Thursday, November 27, 2008

U.S. Pulls Bolivia's Trade Preferences

The U.S. government has formally suspended trade preferences for Bolivia under two Andean trade programs.

Yesterday, White House Spokesperson Dana Perino announced that the U.S. was removing Bolivia’s beneficiary status under the Andean Trade Pact and the Andean Trade Promotion and Drug Eradication Act.

A document signed by President Bush on Tuesday formalized the suspensions which are set to take effect on December 15.

The Andean trade programs permit certain tariff-free exports from Bolivia, Colombia, Ecuador and Peru in exchange for cooperation in U.S.-led anti-drug efforts.

The Bush Administration was determined to remove these preferences despite the fact that both the U.S. Senate and House of Representatives favored granting Bolivia a 6-month extension.

In September the Bush Administration de-certified Bolivia claiming that the country has not done enough to eradicate coca leaf, paving the way for eliminating Bolivia from the trade program.

The U.S. government said Bolivia is not cooperating in anti-drug efforts, citing President Morales' refusal to allow U.S. Drug Enforcement Administration planes to fly over the country and his public stance on coca.

These policy moves by the U.S. are widely viewed as a reaction to Morales, who has aimed to exercise greater sovereignty over his country’s domestic affairs.

Three weeks ago, Morales suspended the work of the DEA, accusing the agency of spying and conspiring against his government. The DEA has been given three months to leave Bolivian territory.

This event was on the heels of Morales expelling U.S. Ambassador to Bolivia Philip Goldberg, who was cited for his role in creating division in Bolivia by meeting with opposition leaders such as Santa Cruz governor, Ruben Costas.

A few months earlier, coca farmers in the Chapare region of Bolivia, expelled the United States Agency for International Development (USAID) from their territory, with complicit approval by the Morales administration.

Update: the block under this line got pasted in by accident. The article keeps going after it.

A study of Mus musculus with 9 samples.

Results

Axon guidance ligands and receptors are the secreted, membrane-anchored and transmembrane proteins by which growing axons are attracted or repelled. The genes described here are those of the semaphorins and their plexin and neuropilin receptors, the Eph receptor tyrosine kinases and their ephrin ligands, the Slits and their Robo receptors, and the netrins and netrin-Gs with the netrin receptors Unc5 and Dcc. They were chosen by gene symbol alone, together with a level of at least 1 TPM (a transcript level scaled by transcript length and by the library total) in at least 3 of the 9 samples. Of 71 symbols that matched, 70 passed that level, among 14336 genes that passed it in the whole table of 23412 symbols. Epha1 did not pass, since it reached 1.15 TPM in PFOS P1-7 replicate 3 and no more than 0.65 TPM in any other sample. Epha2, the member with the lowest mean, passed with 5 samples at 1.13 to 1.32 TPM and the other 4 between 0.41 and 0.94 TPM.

By stemming U.S. influence in Bolivia, Morales is now the target of political retaliation by the U.S. When Goldberg left the country he said Morales was making a "grave mistake".

However these programs are important to Bolivia's economy - $150 million in trade and around 20,000 Bolivian jobs are on the line.

Bolivian Finance Minister Luis Arce and other Bolivian policymakers came to Washington in October to testify before the U.S. Trade Representative Office and show the progress Bolivia has made domestically in fighting illicit coca growing and drug trafficking.

Last week President Morales traveled to the U.S., visiting Washington DC for the first time where he delivered a speech at the Organization of American States. He met with members of Congress and lobbied on behalf of improved relations with the incoming Obama administration and renewing the ATPDEA.

But while speaking at the United Nations, Morales made it very clear that the the DEA will not be allowed to return to Bolivia while he is in office.

Perino said the trade benefits can be reinstated - at the president's discretion - if Bolivia demonstrates an improvement in performance under the requirements of both programs.

Meanwhile, President Morales is seeking trade opportunities with other countries. Last month Venezuela agreed to a buy $30 million in textiles from Bolivia.